Software Development

18F pushes for an even more open 'open source' rule

The government startup that develops all of its code in the open wants the rest of government to follow suit.

Following the March 10 publication of a new draft Federal Source Code policy, the General Services Administration's 18F penned a response to one of federal CIO Tony Scott's questions.

Would "open source by default" be the way to go for federal code?

Absolutely, 18F Developer Eric Mill responded.

"Good software practices, such as writing appropriate documentation and separating passwords from the software which uses them, are good for all software and not unique to open source software," Mill wrote. "However, working in the open makes following these practices more consistent and more likely, even for the most competent staff — and when mistakes are made, working in public makes it more likely that they will be spotted and corrected early."

The draft federal policy, however, requires 100 percent open sourcing only for code developed in-house. When custom code is developed by third parties, agencies would have to release only 20 percent to the public.

There shouldn't be a distinction between internal and external development, Mill argued.

"This would eliminate entire classes of metrics that the White House would otherwise need to measure, and greatly reduce the overhead of implementing and overseeing this policy for OMB and agencies alike," he wrote.

If agencies need to keep vendor-developed code proprietary, they ought to go through a written justification process, Mill's response suggested.

About the Author

Zach Noble is a staff writer covering digital citizen services, workforce issues and a range of civilian federal agencies.

Before joining FCW in 2015, Noble served as assistant editor at the viral news site TheBlaze, where he wrote a mix of business, political and breaking news stories and managed weekend news coverage. He has also written for online and print publications including The Washington Free Beacon, The Santa Barbara News-Press, The Federalist and Washington Technology.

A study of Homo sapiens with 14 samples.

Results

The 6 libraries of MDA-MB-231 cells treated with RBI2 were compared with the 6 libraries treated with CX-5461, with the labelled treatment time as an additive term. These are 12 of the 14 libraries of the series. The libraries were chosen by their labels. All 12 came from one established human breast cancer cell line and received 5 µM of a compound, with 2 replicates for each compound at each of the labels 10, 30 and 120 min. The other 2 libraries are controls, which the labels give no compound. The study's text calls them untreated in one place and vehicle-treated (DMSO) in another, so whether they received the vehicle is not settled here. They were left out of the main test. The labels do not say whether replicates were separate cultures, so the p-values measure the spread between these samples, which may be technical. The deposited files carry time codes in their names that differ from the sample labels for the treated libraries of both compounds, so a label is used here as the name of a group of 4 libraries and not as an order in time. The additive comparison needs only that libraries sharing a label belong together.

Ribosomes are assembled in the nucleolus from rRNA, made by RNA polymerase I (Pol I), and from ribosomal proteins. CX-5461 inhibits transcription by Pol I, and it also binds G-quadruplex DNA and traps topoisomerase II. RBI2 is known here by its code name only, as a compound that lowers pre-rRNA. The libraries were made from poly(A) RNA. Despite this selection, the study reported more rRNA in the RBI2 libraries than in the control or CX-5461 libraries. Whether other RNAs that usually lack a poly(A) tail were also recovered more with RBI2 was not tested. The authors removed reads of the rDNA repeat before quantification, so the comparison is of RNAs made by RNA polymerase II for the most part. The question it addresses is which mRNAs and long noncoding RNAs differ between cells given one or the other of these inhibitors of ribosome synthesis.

Noble is a graduate of Saint Vincent College, where he studied English, economics and mathematics.

Click here for previous articles by Noble, or connect with him on Twitter: @thezachnoble.


Featured

  • Contracting
    8 prototypes of the border walls as tweeted by CBP San Diego

    DHS contractors face protests – on the streets

    Tech companies are facing protests internally from workers and externally from activists about doing for government amid controversial policies like "zero tolerance" for illegal immigration.

  • Workforce
    By Mark Van Scyoc Royalty-free stock photo ID: 285175268

    At OPM, Weichert pushes direct hire, pay agent changes

    Margaret Weichert, now acting director of the Office of Personnel Management, is clearing agencies to make direct hires in IT, cyber and other tech fields and is changing pay for specialized occupations.

  • Cloud
    Shutterstock ID ID: 222190471 By wk1003mike

    IBM protests JEDI cloud deal

    As the deadline to submit bids on the Pentagon's $10 billion, 10-year warfighter cloud deal draws near, IBM announced a legal protest.

Stay Connected

FCW Update

Sign up for our newsletter.

I agree to this site's Privacy Policy.